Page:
Ananya Bhattacharya | Quartz | August 24, 2016 | 0 Comments

Silicon Valley to US: Asking for Foreign Travelers’ Social Media Accounts Creates 'Chilling Effect'

BeeBright/Shutterstock.com

Asking foreign visitors for their social media handles is a violation of privacy, according to the Internet Association. The trade group represents Google, Facebook, Twitter and other tech titans.

In a letter Aug. 22, the association denounced the U.S. government’s latest security measure: An optional new field on U.S. entry and departure immigration forms that asks noncitizen travelers to list their social media accounts. The proposal was open for comment from June 23 to Aug 22.

Social media accounts can offer sensitive information about beliefs, gender and sexuality, among other things, which security personnel wouldn’t necessarily have the right to investigate without just cause, argued the Internet Association. It warned of “a chilling effect on use of social media networks, online sharing and, ultimately, free speech online,” and cautioned that the U.S. could set a bad example for countries with far worse human rights records.

IA also questioned the cost and time it would take to analyze travelers’ accounts—queries the Homeland Security Department has not yet addressed.

The U.S. government says the proposed measure will help it detect “possible nefarious activity and connections” but the method is not without fault. Not only is the field is optional, but there’s also no way to stop anyone from lying. As Quartz’s Alice Truong previously explained, basic privacy precautions kept one of the 2015 San Bernardino attackers above suspicion until too late:

The U.S. government came under criticism after a mass shooting in San Bernardino, California, because one of the assailants, Tashfeen Malik, had passed three background checks for her visa despite using social media to voice support for jihad. Those messages, however, were created under a pseudonym and sent privately to her husband, Syed Rizwan Farook. The State Department has since said that “obviously things went wrong” in the visa process.

The Center for Democracy and Technology, the Electronic Frontier Foundation and other organizations have also raised doubts about the measure stifling freedom of expression, according to Politico.

However, a spokeswoman for the Customs and Border Protection told Politico the agency is reviewing comments on its proposal and stressed any disclosure requested from travelers would be “optional.”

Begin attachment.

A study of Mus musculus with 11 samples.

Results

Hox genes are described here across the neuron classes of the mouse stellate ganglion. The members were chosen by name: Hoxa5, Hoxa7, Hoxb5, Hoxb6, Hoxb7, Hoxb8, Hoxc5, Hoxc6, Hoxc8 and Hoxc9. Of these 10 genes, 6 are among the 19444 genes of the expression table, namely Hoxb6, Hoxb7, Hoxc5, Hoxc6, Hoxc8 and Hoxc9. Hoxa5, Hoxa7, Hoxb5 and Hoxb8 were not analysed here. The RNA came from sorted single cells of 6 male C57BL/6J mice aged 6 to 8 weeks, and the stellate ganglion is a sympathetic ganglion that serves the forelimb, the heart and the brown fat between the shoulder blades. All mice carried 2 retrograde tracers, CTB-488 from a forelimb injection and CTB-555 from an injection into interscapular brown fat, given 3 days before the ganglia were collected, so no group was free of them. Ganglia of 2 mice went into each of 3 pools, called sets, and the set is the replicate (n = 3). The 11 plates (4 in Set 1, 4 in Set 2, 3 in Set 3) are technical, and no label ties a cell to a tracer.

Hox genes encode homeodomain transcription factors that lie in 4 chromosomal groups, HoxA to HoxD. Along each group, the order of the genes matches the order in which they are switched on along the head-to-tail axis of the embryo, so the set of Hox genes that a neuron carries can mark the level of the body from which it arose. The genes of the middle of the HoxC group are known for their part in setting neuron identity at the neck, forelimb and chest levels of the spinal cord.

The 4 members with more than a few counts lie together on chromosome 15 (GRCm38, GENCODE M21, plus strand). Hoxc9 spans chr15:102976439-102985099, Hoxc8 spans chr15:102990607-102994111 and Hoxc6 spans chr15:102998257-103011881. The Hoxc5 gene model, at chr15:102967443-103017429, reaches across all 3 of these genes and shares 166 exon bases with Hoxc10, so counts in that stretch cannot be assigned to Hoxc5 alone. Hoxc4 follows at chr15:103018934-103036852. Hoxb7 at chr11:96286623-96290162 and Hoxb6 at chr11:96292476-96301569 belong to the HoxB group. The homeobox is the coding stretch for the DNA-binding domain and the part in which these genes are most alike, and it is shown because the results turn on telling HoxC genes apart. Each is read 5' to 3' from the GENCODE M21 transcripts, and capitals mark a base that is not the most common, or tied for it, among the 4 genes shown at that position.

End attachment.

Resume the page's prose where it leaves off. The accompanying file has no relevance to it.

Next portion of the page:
“The choice to hand over this information is technically voluntary,” Nathan White, digital rights organization Access Now’s senior legislative manager, told the site in a statement. “But the process to enter the U.S. is confusing, and it’s likely that most visitors will fill out the card completely rather than risk additional questions from intimidating, uniformed officers—the same officers who will decide which of your jokes are funny and which ones make you a security risk.”

Comments
JOIN THE DISCUSSION

Thank you for subscribing to newsletters from Nextgov.com.
We think these reports might interest you:

  • Modernizing IT for Mission Success

    Surveying Federal and Defense Leaders on Priorities and Challenges at the Tactical Edge

    Download
  • Communicating Innovation in Federal Government

    Federal Government spending on ‘obsolete technology’ continues to increase. Supporting the twin pillars of improved digital service delivery for citizens on the one hand, and the increasingly optimized and flexible working practices for federal employees on the other, are neither easy nor inexpensive tasks. This whitepaper explores how federal agencies can leverage the value of existing agency technology assets while offering IT leaders the ability to implement the kind of employee productivity, citizen service improvements and security demanded by federal oversight.

    Download
  • Effective Ransomware Response

    This whitepaper provides an overview and understanding of ransomware and how to successfully combat it.

    Download
  • Forecasting Cloud's Future

    Conversations with Federal, State, and Local Technology Leaders on Cloud-Driven Digital Transformation

    Download
  • IT Transformation Trends: Flash Storage as a Strategic IT Asset

    MIT Technology Review: Flash Storage As a Strategic IT Asset For the first time in decades, IT leaders now consider all-flash storage as a strategic IT asset. IT has become a new operating model that enables self-service with high performance, density and resiliency. It also offers the self-service agility of the public cloud combined with the security, performance, and cost-effectiveness of a private cloud. Download this MIT Technology Review paper to learn more about how all-flash storage is transforming the data center.

    Download

When you download a report, your information may be shared with the underwriters of that document.